Volvo's wireless charging taxis could help bring electric transport to the masses

Charging pads have been embedded in the streets around Volvo’s hometown of Gothenburg to test wireless charging of taxicabs.

Every night, I walk over to my nightstand and drop my iPhone onto a wireless charging pad. The simple act of not plugging in is incredibly convenient, and I have another wireless charger built into my desk. These days, most new cars come with them, too.

The ability to charge my phone simply by plopping it down in the right spot has changed how I think about my phone’s charge status: I don’t.

Volvo taxicabs with wireless charging equipment on board simply pulls into a charger-equipped parking spot and electrons start flowing.


Volvo wants to bring this mentality to electric cars and, to make it a reality, has partnered with the largest Nordic taxi operator to roll out a wireless charging pilot in its home city of Gothenburg, Sweden.

Charging pads from Momentum Dynamics — whose wireless tech was used in an Oslo taxi charging pilot a few years ago — have been installed in a number of taxi stands around Gothenburg. They’ll be used by specially equipped Volvo XC40 Recharge electric cars operated by Cabonline in a fully-operational taxi environment.

The cars will be used for more than 12 hours a day and total more than 60,000 miles of total travel each year across the three years of the pilot.

And this isn’t slow, dinky charging either. Effective wireless charging speed will top 40 kW, four times faster than a Level 2 residential charger can charge the XC40 Recharge and nearly as fast as the effective speed of a 50 kW DC fast charger.

“The taxi application is very good because you can charge while you wait for customers,” says Robert Eriksson, Senior Technical Leader with Volvo Cars, in an interview with Inverse. “You can test the technology, you can test the charging speed, and you can test what the cab drivers like about having this opportunity versus going to a charging station and hassling with cables.”

The pilot is meant to study how effective and useful wireless charging can be.


Inductive wireless charging isn’t new, but speeds equivalent to what you can get out of a wired DC fast charger are (newer stations are often capable of far higher maximum charging rates, but 50 kW chargers abound, especially in Europe). And much quicker speeds should be possible.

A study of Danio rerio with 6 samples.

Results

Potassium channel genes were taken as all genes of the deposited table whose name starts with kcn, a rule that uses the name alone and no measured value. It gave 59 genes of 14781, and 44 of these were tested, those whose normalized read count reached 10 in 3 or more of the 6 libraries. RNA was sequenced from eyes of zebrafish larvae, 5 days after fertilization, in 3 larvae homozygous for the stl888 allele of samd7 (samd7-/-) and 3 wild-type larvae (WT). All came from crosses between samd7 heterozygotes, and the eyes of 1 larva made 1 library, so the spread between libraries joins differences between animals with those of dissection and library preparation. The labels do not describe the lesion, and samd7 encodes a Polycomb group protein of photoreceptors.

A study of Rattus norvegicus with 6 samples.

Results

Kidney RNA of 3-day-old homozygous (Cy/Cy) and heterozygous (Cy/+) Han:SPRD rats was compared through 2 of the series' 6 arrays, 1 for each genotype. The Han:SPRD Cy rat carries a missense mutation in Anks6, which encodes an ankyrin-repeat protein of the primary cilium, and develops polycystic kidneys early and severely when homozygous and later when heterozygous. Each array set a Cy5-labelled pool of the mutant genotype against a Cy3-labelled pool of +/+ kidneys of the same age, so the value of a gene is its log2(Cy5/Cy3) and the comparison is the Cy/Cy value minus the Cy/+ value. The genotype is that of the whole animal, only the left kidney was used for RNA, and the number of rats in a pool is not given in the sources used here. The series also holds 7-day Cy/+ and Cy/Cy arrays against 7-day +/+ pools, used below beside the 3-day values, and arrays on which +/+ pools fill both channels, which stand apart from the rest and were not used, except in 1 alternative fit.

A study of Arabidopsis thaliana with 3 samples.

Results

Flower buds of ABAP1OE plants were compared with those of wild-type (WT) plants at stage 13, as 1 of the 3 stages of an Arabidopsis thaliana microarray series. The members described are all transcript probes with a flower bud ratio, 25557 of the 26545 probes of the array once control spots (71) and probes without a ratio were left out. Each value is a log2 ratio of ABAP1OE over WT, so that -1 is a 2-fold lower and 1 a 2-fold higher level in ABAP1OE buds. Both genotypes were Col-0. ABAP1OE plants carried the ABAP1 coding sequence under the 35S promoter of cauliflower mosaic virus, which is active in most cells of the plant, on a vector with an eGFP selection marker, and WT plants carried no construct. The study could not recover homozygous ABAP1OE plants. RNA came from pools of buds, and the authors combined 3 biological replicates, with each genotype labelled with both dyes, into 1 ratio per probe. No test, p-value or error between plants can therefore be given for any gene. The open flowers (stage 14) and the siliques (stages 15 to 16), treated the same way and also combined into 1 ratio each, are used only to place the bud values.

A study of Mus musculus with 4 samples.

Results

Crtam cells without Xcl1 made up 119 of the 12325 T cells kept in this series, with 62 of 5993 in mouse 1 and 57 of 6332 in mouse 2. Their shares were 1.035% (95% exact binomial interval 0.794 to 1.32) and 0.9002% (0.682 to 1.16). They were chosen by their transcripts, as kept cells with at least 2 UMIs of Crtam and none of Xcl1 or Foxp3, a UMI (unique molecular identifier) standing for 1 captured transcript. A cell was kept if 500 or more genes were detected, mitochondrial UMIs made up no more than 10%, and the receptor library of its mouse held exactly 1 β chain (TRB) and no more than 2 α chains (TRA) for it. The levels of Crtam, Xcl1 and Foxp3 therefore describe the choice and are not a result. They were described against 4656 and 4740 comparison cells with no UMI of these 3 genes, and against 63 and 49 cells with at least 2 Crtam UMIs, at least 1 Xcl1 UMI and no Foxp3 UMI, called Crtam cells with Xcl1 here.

Eriksson says they’ve seen greater than 90 percent efficiency, which is close to what is achieved with onboard AC charging. And, he points out, if these wireless chargers save a cab driver from needing to drive a few extra miles out of the way, any efficiency losses are quickly erased.

BMW rolled out a consumer inductive charging pilot with 200 cars in California a few years ago. The technology certainly works, but it hasn’t caught on as an alternative to physically plugging an EV in.

Volvo retrofit Momentum Dynamics chargers to its XC40 Recharge cars, and, since the system is only an inch thick, it could eventually come as a factory option. The current tech should support speeds of up to 75 kW, but a more advanced 800-volt battery infrastructure would allow for faster wireless charging speeds just like it allows for faster wired charging.

Drivers need to get within three inches of the charging pad target, but they’re helped by a screen in the car that says if they need to move forward or back to get maximum speeds. An auto-parking feature already in many Volvos could handle the precision parking automatically in future implementations. Looking even further ahead, imagine your car dropping you off at a restaurant and then autonomously wandering off to the nearest wireless charger to juice up for the ride home.

Inductive charging does add cost, both for the equipment on the vehicle itself as well as the charging infrastructure. The need for precision parking is an added difficulty, too, and consumers are unlikely to enjoy reparking their car if they’re off the target point by half a foot.

For those reasons, it’s likely that targeted commercial applications, like this taxicab pilot, are a better use case than residential inductive charging systems.

The infotainment screen in the car keeps the driver informed on the current charge status and other relevant data.


A hidden benefit — literally — of the wireless charger is that cities won’t need to install unsightly charging stations everywhere to keep their taxis on the move. The actual fast charging equipment could be 100 feet away from the charging spots, making for a much cleaner visual environment in addition to a cleaner physical environment.

The wireless pads automatically identify the vehicle being charged and bill the taxi company accordingly. They could eventually be installed in airport taxi lines or downtown areas, with taxi drivers staying warm inside their cars (necessary in Sweden) and not needing to mess with charging cables at all.

“The taxi companies may want to be even better than the car companies when it comes to electrification,” Eriksson says. “The customer would like to have it, and they see benefits on energy prices, so the business side is beneficial too.”

Wireless charging could prove to be popular for other forms of public transit, too. The tech has been trialed with a number of electric bus routes, which makes sense as buses can be charged at stations on their normal route. That’s a much better charging solution than needing to plug a bus in at a station or taking it out of service entirely.